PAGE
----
Mental health is a commitment to reality at all costs.
– M. Scott Peck
So here we are. This is the first blog post of hopefully many. You are reading this right now from the middle of a journey and these blog posts are meant to offer some guidance, thoughts, discussions and writing prompts to keep you company. The journey of desisting or detransitioning is scary but heroic, as is any journey that entails a change of course from the one that you thought was meant for you.
Heroes take journeys, confront dragons, and discover the treasure of their true selves- Carol Pearson
Changing course is never easy, but it means that you have had the courage to ask yourself questions and challenge superficial solutions as well as your conditioning and self-delusions. It means that you have had the courage to doubt despite the pain of what that might mean for you, whether it be the bitterness of regret, the loneliness of exclusion or the burn of finding out that you still have a long way to go towards a goal that you might not even be able to imagine yet. You have had the courage to ask: What do I (not anyone else) need to do to truly heal my suffering?
“Soul work takes time and in order to support and maintain ourselves along this road of uncertainty we need to develop a practice and a dedication to health.”
Soul work takes time and in order to support and maintain ourselves along this road of uncertainty we need to develop a practice and a dedication to health. It needs to be routinely established, something you do as a matter of habit even when you don’t feel like it. It will be your anchor as you go through the ups and downs of life. It will be the place you return to for refuge and nourishment. It will be where you alchemize the emotions that surface into an expression of life and creativity rather than dysfunction and destruction.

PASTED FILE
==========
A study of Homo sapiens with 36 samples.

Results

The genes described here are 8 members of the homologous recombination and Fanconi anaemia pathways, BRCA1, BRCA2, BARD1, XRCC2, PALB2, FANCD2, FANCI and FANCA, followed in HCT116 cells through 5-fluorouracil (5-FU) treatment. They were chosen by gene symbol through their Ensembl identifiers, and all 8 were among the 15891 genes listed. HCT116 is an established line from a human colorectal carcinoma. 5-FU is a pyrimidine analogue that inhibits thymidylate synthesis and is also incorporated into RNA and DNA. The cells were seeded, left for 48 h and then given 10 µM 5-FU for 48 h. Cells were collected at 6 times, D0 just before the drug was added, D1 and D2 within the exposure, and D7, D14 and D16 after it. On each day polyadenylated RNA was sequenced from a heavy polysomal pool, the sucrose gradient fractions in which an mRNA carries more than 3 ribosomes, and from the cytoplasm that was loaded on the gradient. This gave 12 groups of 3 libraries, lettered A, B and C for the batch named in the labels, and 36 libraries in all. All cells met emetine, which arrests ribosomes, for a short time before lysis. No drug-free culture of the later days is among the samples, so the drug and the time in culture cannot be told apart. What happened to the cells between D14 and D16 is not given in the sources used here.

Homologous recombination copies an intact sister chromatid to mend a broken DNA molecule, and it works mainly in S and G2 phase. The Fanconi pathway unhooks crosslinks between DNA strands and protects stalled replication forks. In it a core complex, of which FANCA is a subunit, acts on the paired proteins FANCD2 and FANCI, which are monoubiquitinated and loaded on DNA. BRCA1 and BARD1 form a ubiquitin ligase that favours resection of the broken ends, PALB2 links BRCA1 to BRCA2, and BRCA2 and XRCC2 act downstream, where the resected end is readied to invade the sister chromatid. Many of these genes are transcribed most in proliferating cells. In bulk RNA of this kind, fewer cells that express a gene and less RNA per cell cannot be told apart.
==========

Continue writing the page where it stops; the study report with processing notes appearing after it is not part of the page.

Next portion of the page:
The healing journey will present you with many opportunities to work with trauma and grief but this work requires a scaffolding to hold you. Good therapists are very sensitive to this; they always take their time to make sure that the conditions are right and that the support is there before attempting any deep work with emotions.
Establishing a relationship with your healthy creative self will help you move through and with your pain and suffering.
Without this essential groundwork, the tempest of uncovering trauma and working with suffering could be overwhelming and you could find yourself falling back into negative ways of coping.
Establishing a relationship with your healthy creative self will help you move through and with your pain and suffering. You will have the strength to resolve fear and touch emotional scar tissue and your strength and resilience will continue to grow. This blog is not a substitute for therapy, but it can help facilitate a relationship with yourself and any future therapeutic work that you do. Enjoy!